Admission to the MA International Relations. Students who are interested in taking this course, but who are not admitted to the mentioned master programmes are requested to contact the co-ordinator of studies.
With the conclusion of the Cold War, proponents of liberal political and economic models proclaimed their ultimate ideological victory and, at the extremes, the ‘end of history’. Liberal democracy accompanied by neoliberal economic policies appeared to be remaking the world, particularly in the former Soviet sphere and Latin America. Supporters of this new democratic wave argued that a combination of global political and economic reform would leave the foundation for a more prosperous, harmonious, and free world following the wars and dictatorships of the twentieth century.
By the second decade of the twenty-first century, however, there was growing popular cynicism toward the desirability of liberal democracy in many parts of the world. Countries including Russia, Turkey, and Venezuela have come into conflict with Western European powers, the United States, and other international actors due to the attitudes of their governments and many of their citizens toward the apparent post-Cold War liberal political and economic consensus. In the mainstream media as well as foreign policy circles, there is also now talk of democracy being under attack from domestic and foreign sources in many of those countries which most enthusiastically supported this post-Cold War wave of democratization.
In this course, we explore international politics and history from the end of the Cold War to the present through the lens of the advances and retreats of liberal democracy. We will first interrogate the ideas and concepts that underpin liberal democracy as it has been understood and used in international political discourse in the late twentieth- and early twenty-first century. We will then explore how the concept of democracy spread through large parts of the globe during the 1980s and 1990s. Finally, we will examine the ambivalent political and economic legacy of the post-Cold War period by looking at the rejection of liberal political and economic ideals in many parts of the world. Geographically, this course will focus on Europe, Russia, Latin America, and the Middle East. Students will, however, be given significant freedom in exploring the topics raised in relation to other regions in which they have specialist knowledge or interest.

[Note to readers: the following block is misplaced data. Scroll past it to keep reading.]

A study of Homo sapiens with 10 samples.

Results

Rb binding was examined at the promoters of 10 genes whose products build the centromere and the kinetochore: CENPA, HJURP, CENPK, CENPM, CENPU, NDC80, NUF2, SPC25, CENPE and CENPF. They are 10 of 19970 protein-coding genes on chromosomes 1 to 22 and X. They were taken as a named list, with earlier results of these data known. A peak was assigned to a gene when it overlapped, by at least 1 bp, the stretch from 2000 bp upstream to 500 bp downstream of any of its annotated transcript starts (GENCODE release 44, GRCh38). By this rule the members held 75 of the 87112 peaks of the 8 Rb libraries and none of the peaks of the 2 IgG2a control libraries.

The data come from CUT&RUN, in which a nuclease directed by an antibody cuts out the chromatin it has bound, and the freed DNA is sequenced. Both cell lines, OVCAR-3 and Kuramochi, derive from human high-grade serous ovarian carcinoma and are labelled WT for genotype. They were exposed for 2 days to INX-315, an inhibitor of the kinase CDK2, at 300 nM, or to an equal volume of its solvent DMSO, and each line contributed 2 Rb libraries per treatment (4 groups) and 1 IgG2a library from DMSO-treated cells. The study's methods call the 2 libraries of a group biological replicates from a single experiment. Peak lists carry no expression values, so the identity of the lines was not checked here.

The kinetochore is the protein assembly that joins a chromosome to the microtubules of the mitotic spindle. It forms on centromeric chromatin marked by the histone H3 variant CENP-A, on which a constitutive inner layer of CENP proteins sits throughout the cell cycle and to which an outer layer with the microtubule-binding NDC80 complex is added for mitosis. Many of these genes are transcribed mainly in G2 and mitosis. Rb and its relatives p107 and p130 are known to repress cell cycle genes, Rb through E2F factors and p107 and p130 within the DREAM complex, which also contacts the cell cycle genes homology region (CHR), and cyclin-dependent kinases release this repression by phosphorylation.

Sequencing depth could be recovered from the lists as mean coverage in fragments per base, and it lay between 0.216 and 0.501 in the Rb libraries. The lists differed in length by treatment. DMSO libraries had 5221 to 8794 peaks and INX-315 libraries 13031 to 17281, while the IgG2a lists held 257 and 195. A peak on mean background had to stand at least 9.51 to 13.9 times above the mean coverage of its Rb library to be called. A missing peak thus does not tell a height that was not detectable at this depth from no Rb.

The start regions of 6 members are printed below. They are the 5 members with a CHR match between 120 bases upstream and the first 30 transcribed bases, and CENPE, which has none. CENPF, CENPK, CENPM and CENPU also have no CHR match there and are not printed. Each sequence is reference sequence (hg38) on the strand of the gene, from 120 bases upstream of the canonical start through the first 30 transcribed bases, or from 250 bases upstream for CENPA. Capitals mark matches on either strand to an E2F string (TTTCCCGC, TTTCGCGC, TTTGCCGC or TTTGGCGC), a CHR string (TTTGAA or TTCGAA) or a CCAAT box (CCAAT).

Students in this course will be encouraged to critically assess some of the dominant ideas in contemporary international political debate and commentary. In particular, they will learn how to problematize dominant narratives of international relations by developing and defending their own understanding of terms such as democracy and dictatorship. Students will further learn how to determine the applicability of such terms within specific political and historical contexts. In doing so, students should leave the course better equipped to participate in political debate in both popular and scholarly forums.
Through weekly debates, students will gain confidence and ability in analysing scholarly texts, developing arguments, and presenting their ideas to an audience. In their written assessments, students will be guided in their ability to develop and execute their own research project under supervision. The written assessments are structured in such a way as to promote an orderly process of research that involves consulting the existing literature, developing an original research question, and then designing a feasible research project.
Via the website
Mode of instruction
Weekly close reading: 72 hours (6 hours per week x 12 weeks)
Seminars (attendance is compulsory): 18 hours (12 x 1,45)
Class Debate: 10 hours
Literature Review: 40 hours
Research project: 140 hours
Total course load for this 10 EC course is 280 hours.
Class participation & debates: 25%
Literature review: 25%
Research essay: 50%
The final mark for the course is established by determining the weighted average.
A resit for the research essay can be held if the original submission is insufficient. The resubmission should be completed within two weeks of being advised on the insufficient nature of the original.
How and when an exam review will take place will be disclosed together with the publication of the exam results at the latest. If a student requests a review within 30 days after publication of the exam results, an exam review will have to be organized.
Yes, see Blackboard.
A reading pack will be made available.
Enrolment through uSis is mandatory.
General information about uSis is available in English and Dutch.